Evelyn Waugh’s diaries, published after his death, record much of his post-Oxford existence. Much of that existence, at least for the years between 1924 and 1928, revolved loosely around a young man named Alistair Graham, forever immortalized in print through Waugh’s character from Brideshead Revisited, Sebastian Flyte. Evelyn courted women in this period, and married his first wife, Evelyn Gardner, in 1928, but it was Alistair who was, as Evelyn put it, “the friend of my heart”. The two men traveled together, went shopping together, drank and laughed at one another, just as Charles Ryder and Sebastian Flyte were to do twenty years later in Waugh’s book. Alistair, like Sebastian, was born of a rich family, and had been born into wealth— specifically, he was born in Bucknell Manor. Alistair’s usual home, Barford, became Evelyn’s refuge when he was writing Decline and Fall, his first popular work. In Brideshead Revisited, Charles Ryder finds a parallel solace at Brideshead Castle.
However, as fans of Brideshead Revisited know, Charles and Sebastian grow distant. Evelyn’s real-life romance deteriorated over time as well. Alistair’s mother, Mrs. Graham (referred to in Evelyn’s diaries as “Mrs. G”) grated on Alistair. Evelyn never elaborated on what particularly Mrs. Graham said toward her son, but mentioned how much “noise” she made whenever she was around. Alistair frequently left the country in order to escape her. “Today we had to go through the heartbreaking business of buying Alistair’s tickets to Kenya,” Waugh wrote on June 25, 1924. Alistair traveled to Constantinople and Italy as well, seeking refuge from his mother in foreign places and in drink, precisely as Sebastian does. “Mrs. G” frequently wrote to Evelyn, desperate letters in which she begged him to convince her son to return for the holidays. It is unclear from the diaries if, as in Brideshead Revisited, this connection with Alistair’s mother drove the two men apart, but it is certain that Alistair grew more distant and more consistently drunk, and that Evelyn began to complain that Alistair annoyed him with his behavior. One spring, Alistair disappeared from Barford for days before finally being found in a pub some miles away. Another time, he fled to Paris without telling anyone.
In Brideshead Revisited, Charles watches helplessly as his friend descends into bouts of drunkenness in which he shuns Charles, even as Charles tries to speak with him. Charles himself remains in the reader’s favor: as he grows older, his own drinking becomes more infrequent and he adopts a more mature attitude toward life, attending art school and becoming a studious young painter, giving up revels in favor of working toward his goal of painting for a living. After reading Evelyn’s diaries, it becomes clear that Charles is a model of what Evelyn might have been. In 1924, Evelyn began to attend Heatherly’s drawing school, with the goal of improving his sketching— a skill he had been honing in his amateur way since his days in Lancing public school. Unlike Charles, though, Evelyn’s trips to the school soon became infrequent— his diary is full of entries in which he rewards himself for drawing well by going to nightlong drinking parties with his old friends from Oxford. Eventually, Evelyn ceased going altogether, and instead lapsed into a habit of drunken late nights, parties, and hangovers. It is tempting to suggest that, in reflecting on this time, Waugh decided that Charles should be what he couldn’t be for Alistair: sober, and willing to help.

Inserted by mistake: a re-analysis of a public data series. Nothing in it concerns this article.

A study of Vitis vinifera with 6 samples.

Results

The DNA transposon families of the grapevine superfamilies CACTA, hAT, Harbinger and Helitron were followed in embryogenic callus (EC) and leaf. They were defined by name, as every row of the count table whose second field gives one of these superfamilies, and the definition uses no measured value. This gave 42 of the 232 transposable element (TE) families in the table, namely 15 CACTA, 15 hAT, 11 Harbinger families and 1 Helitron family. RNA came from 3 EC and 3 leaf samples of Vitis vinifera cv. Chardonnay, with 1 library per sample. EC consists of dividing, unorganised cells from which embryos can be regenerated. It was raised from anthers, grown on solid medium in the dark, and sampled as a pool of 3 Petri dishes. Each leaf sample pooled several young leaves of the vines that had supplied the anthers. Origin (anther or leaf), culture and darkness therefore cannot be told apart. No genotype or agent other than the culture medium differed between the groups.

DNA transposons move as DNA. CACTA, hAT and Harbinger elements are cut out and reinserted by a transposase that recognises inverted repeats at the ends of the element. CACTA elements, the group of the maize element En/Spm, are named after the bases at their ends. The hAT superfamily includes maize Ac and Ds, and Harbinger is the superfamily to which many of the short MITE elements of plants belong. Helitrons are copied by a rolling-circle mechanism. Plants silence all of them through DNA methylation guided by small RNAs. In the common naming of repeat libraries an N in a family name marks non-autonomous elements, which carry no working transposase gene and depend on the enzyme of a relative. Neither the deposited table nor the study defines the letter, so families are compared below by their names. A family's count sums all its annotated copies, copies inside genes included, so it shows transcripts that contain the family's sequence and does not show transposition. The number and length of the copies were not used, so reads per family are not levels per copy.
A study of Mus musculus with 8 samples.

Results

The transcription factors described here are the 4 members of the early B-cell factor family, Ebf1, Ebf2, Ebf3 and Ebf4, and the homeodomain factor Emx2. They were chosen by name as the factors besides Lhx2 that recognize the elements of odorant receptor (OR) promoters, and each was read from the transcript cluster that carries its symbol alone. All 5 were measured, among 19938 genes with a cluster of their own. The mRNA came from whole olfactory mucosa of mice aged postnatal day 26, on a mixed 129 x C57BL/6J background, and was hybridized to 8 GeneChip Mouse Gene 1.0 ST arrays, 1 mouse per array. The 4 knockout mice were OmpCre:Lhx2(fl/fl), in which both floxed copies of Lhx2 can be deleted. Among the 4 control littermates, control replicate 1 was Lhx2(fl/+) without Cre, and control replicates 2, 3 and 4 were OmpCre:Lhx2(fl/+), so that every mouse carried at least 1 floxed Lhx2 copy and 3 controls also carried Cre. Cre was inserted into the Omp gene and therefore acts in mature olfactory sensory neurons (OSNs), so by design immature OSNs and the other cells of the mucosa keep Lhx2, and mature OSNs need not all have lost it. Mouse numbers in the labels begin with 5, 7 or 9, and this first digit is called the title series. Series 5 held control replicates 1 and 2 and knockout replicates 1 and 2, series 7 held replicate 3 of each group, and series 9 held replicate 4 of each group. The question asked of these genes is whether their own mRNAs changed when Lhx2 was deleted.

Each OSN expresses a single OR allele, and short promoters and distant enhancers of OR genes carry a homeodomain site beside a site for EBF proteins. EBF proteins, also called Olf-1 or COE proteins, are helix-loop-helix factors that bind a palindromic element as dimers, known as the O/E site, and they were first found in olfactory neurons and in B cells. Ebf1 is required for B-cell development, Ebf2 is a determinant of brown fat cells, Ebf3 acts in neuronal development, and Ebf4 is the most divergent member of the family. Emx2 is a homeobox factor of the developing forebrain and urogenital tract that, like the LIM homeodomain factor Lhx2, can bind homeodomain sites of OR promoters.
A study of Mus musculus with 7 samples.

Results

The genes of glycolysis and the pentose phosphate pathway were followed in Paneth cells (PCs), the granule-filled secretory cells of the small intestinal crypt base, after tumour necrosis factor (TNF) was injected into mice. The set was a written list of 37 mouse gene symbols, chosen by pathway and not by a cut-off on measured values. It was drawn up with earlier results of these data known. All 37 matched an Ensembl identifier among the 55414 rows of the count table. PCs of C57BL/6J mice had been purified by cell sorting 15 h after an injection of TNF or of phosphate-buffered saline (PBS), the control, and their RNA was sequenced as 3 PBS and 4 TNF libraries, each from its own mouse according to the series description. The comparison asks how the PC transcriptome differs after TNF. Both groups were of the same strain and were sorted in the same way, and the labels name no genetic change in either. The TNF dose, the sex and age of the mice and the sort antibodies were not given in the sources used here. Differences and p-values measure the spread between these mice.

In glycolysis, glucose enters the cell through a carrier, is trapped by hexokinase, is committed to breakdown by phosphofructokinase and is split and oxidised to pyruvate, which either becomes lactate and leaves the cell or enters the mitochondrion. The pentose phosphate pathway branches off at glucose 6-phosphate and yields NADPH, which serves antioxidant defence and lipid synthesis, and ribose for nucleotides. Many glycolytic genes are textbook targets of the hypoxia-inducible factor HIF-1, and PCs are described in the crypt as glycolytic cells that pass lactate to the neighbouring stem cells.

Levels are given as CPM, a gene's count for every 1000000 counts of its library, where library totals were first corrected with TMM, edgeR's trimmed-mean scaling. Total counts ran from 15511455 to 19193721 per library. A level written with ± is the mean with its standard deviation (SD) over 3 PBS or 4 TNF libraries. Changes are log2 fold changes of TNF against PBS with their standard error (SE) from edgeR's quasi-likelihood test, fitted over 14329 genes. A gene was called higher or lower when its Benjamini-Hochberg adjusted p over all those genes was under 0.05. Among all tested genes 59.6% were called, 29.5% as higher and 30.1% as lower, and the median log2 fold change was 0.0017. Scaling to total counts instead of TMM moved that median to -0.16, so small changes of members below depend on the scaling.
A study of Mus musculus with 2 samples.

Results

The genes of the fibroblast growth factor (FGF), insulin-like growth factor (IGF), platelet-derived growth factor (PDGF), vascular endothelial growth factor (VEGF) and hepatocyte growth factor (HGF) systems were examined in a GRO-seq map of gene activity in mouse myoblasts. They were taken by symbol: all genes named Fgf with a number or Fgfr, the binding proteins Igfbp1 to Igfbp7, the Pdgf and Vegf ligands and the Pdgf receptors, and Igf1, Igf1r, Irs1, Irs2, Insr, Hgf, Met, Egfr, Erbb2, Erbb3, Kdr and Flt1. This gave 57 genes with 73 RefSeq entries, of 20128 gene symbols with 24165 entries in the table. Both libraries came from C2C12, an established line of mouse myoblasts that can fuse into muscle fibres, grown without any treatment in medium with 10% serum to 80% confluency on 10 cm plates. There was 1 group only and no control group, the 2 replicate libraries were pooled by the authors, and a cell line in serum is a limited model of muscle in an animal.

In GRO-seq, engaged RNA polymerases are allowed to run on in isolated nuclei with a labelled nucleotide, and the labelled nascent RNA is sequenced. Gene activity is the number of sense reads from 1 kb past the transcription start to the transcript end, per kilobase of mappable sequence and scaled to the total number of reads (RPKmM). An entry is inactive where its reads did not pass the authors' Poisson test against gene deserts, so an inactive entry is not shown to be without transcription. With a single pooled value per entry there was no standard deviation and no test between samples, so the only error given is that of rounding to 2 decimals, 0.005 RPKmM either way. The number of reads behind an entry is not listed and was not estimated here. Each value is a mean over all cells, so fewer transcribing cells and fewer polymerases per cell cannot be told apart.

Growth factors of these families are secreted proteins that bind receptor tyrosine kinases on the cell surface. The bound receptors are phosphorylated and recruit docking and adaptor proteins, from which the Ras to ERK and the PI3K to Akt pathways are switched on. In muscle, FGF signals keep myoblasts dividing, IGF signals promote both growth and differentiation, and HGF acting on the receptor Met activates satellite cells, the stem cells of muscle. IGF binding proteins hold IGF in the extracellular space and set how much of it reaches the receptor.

Though Evelyn remained friends with Alistair into the 1930s, the peak of their friendship had passed by 1927. Evelyn got married to Evelyn Gardner (upon his proposal he asked her to marry him “and see how it goes”), then divorced; he found a new, more advantaged crowd with the success of his first novel. Later, he joined the Roman Catholic Church. Alistair moved to Cairo.
It is tragic, then, to read on through the later decades, to find no mention of Alistair at all. Waugh’s diaries grow remote and incomplete; the paragraphs-per-day of 1924 shorten themselves to bullet points by the forties. Evelyn’s second wife, Laura, is hardly ever mentioned even in his journals, and he never spoke again of anyone as he did Alistair. Throughout the rest of his life, the whimsy remains lost, the happiness, it would seem, gone. The diaries become nearly dull, a catalogue of minor dinners and friends whose names appear once or twice, never elaborated on. To be fair, it was a stressful, uncertain time for many people, and with such discontent in the air politically, it was probably hard for anyone to be sentimental, or romantic, or whimsical.
There was a brief period, though, in 1944, when Waugh’s diary entries lengthened for a time, when his entries became inflamed briefly with excitement: when he was on leave from the military, writing Brideshead Revisited.